Making work life-affirming
Louisiana Organ Procurement Agency fosters ‘positivity’
Although they work on a daily basis with dying patients and their grieving families, employees with the Louisiana Organ Procurement Agency consider their work to be life-affirming. Established in 1988, LOPA, based in Metairie, is an independent, not-for profit organ and tissue recovery agency with 141 employees designated by the CMS as the organ procurement organization serving all of Louisiana.
On an annual basis, LOPA recovers about 525 organs from about 155 donor patients considered brain dead at the time of recovery. LOPA averages about 255 tissue donors annually. The agency also houses and maintains the Louisiana Donor Registry.
Chrissy Hagan, LOPA’s chief administrative officer, said working for the agency has been a rewarding experience. “Our core purpose is to make life happen,” said Hagan, who has been with the organization for more than 10 years. “We like to make sure we maintain a culture of positivity and let our people know about the difference they’re making in the world.”
And while organ procurement is the top priority at LOPA, the agency also ensures its staff is satisfied with its work environment. The organization, whose employees are 74% female and its executive team 50% female, reports that 30% of full-time salaried positions are filled internally and only 4% of staff voluntarily leave on an annual basis.
Jackie Rallis, who works in the finance department after being hired by LOPA three years ago, said she plans on being there long term. “I wake up every day happy and excited to go into work because they truly care about their employees, and they make it so we have a proper balance between work and home,” she said. “It makes us want to give even more to the organization and our community.”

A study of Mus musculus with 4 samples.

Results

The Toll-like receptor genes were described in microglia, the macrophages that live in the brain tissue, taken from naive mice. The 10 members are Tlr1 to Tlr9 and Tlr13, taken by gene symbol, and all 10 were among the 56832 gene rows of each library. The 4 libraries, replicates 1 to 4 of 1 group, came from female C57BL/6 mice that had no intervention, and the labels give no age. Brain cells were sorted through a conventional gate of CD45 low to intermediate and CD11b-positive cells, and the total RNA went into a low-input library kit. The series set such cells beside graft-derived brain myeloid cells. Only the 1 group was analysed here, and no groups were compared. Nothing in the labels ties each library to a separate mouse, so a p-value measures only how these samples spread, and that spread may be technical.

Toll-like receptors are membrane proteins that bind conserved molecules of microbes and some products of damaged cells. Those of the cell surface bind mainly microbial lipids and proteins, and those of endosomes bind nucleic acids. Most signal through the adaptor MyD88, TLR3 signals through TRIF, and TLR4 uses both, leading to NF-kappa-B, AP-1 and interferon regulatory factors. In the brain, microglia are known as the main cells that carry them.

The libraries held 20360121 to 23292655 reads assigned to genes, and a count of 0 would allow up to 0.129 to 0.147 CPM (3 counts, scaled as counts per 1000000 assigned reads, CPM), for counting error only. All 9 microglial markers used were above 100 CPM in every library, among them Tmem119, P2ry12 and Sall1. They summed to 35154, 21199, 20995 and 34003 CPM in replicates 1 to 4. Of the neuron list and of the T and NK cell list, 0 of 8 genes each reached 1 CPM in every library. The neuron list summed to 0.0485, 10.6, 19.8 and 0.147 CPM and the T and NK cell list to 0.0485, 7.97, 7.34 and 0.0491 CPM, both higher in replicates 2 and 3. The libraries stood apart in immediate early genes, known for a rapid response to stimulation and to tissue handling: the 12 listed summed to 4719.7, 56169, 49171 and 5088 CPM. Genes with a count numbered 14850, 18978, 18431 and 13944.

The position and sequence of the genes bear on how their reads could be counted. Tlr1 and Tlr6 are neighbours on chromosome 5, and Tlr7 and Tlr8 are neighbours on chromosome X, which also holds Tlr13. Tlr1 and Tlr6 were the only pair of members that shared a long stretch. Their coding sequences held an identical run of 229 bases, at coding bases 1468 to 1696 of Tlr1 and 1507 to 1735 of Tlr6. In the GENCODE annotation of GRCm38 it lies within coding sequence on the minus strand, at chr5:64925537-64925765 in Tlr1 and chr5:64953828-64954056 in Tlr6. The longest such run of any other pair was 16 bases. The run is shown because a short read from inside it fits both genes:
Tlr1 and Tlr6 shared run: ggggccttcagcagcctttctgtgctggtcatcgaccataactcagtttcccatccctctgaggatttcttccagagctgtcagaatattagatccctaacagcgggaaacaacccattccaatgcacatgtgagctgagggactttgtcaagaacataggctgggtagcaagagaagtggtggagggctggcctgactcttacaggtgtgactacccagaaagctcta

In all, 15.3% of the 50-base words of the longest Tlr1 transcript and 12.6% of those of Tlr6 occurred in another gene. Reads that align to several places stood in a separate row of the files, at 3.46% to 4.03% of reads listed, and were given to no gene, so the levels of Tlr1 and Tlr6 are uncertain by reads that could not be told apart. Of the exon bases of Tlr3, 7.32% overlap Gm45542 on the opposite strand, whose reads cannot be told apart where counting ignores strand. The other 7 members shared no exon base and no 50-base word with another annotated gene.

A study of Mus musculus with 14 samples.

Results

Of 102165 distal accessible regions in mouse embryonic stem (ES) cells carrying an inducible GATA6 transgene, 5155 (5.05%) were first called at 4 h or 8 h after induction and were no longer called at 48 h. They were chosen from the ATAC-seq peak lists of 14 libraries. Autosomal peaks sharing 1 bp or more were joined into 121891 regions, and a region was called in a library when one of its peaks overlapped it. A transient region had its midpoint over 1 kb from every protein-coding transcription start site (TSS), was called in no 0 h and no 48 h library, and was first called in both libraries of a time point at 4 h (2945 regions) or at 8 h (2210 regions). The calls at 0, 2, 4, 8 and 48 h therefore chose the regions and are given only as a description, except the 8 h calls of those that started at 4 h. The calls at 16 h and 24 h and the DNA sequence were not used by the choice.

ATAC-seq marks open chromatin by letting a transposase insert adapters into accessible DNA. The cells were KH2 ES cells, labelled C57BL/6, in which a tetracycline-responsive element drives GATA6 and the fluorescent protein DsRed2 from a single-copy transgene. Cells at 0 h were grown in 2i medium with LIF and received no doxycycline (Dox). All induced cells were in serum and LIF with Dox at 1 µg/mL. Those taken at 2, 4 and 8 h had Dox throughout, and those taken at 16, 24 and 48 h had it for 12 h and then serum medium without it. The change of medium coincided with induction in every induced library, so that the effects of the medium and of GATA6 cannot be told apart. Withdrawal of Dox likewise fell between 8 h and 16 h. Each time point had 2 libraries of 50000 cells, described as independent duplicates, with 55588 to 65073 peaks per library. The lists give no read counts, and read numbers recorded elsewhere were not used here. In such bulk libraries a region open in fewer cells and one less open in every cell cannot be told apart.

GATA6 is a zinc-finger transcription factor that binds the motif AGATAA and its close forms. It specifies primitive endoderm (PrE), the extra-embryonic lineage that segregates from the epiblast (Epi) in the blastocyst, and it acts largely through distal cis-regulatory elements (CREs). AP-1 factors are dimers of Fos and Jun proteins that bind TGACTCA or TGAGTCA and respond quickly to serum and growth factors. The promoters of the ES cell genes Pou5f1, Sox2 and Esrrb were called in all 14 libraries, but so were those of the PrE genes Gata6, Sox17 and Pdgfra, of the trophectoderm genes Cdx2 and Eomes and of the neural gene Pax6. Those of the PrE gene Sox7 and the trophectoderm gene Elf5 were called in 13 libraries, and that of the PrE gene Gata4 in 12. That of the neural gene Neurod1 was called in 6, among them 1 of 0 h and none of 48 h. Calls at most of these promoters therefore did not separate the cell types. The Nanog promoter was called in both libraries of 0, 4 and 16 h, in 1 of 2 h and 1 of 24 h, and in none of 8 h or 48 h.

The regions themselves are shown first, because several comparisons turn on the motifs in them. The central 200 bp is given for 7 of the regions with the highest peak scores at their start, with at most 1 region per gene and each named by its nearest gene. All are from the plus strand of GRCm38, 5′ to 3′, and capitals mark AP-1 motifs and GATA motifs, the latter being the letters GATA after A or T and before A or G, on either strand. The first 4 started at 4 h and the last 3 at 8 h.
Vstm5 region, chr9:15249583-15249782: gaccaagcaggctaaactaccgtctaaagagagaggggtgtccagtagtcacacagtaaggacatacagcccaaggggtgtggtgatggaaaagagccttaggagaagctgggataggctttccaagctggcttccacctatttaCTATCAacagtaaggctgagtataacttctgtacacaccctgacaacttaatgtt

LOPA has earned the top spot on the ranking of the Best Places to Work for midsized supply companies, those with 100 to 999 employees. The organization is No. 4 among all midsized employers and No. 8 overall among all 100 of the Best Places to Work. It’s the third time the company has been named one of the Best Places to Work.
Working at LOPA also has had an impact on Rallis’ personal life. She urges friends to sign organ donor cards, and it has helped her family prioritize what’s truly important.
“I have three children, and sometimes they have meltdowns and think life as they know it is over,” she said. “And sometimes I’ll mention that I met an organ recipient that day, and I’ll tell them that person’s story, and it really puts things into perspective for them, too.”
LOPA encourages organ recipients and donor family members to visit the agency to share their stories. Hagan said such stories are particularly important for those staff members in the critical support center who take calls all day and answer questions from and help guide grieving families.
“They are talking to these families who are devastated on the worst day of their lives,” Hagan said. “So we like to have donor families come in, and they’ll talk about the closure that was presented to them with the opportunity for donation.”
Hagan recalled a time early in her career at LOPA, hearing a talk from a recipient of a heart transplant who had waited a long time for the organ.
A LOPA staff member approached the speaker and put a stethoscope over the woman’s heart, turned to those in the room and said, “You guys, I hear my son’s heart beating.”
Hagan recalled having met the staff worker before, but she just thought of her as someone employed at LOPA. “I didn’t know that her 15-year-old fell out of a pickup truck and saved five lives,” said Hagan, who was fighting back tears. “And I thought to myself, this is what I was born to do.”